He now faces a new integration with the planned merger between United Technologies (Collins’ parent) and Raytheon. The new company will be called Raytheon Technologies. There’s little he can do until the merger is approved by regulators, except plan internally how to integrate and expand the aftermarket business.
Raytheon represents an “exciting” opportunity, but until the merger is approved, the two companies are prohibited by law from coordinating planning and businesses.
“It’s primarily defense,” Agrawal said. “So far, we really haven’t worked on the aftermarket angle. It’s a little too early to discuss the possibilities.”
$1.5bn in new business
Collins announced $1.5bn in aftermarket services business at the Paris Air Show last month, assembled over a six month period.
“When we came together as Collins, our biggest priority was customers and being able to respond to the customers’ needs,” Agrawal said in an interview with LNA at the air show.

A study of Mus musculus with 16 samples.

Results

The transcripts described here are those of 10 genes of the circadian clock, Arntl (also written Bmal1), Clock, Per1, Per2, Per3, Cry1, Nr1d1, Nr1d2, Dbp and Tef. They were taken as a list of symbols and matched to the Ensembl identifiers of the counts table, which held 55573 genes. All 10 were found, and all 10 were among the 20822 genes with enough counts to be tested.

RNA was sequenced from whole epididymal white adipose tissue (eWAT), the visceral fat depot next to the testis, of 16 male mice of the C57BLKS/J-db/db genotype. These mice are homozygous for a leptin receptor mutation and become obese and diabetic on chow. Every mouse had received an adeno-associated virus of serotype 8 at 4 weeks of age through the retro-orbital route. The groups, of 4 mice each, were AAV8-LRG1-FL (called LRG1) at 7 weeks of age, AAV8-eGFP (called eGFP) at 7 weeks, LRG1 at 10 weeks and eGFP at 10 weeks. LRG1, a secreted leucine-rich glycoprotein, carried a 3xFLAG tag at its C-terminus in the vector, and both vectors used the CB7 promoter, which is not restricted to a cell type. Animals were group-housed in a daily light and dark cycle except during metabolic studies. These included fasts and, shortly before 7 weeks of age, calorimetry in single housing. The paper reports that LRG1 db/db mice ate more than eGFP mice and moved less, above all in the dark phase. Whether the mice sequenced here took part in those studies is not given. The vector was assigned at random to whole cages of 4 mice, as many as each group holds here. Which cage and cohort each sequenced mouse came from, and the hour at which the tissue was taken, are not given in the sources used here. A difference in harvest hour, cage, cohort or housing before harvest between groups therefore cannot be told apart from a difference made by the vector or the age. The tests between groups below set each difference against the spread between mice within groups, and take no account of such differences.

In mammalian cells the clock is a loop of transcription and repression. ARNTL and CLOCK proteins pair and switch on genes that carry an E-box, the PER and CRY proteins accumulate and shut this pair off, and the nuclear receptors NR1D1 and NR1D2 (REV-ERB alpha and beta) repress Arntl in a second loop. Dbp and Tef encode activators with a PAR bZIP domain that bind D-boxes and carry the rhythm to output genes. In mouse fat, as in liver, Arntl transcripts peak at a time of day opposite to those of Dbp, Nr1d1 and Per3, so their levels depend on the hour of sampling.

“Our offerings are working,” he said. Agrawal pointed to its predictive maintenance product has picked up steam.
“We continue to expand our predictive maintenance offering, connecting hardware and sensors and avionics buses. From there, you can run the analytics and from there bring predictive value,” he said. “We are maturing all of this connectivity very quickly.
“We are seeing very strong revenue opportunities. When we came together as two companies (Collins and UTC), we knew there would be cost synergies. The revenue synergy side of the equation has real opportunity. We are tracking more than 10 different areas, which will bring in over a billion dollars of revenue over the next five years,” he said.
Collins has made a strategic move into Africa. A partnership with Ethiopian Airlines is for 25 years for maintenance of parts on the Q400 turboprop for its own fleet and as a third party vendor for other African carriers.’ Africa represents $500m in potential revenue over the life of the contact, Agrawal said.
Aftermarket revenue is about $10bn a year.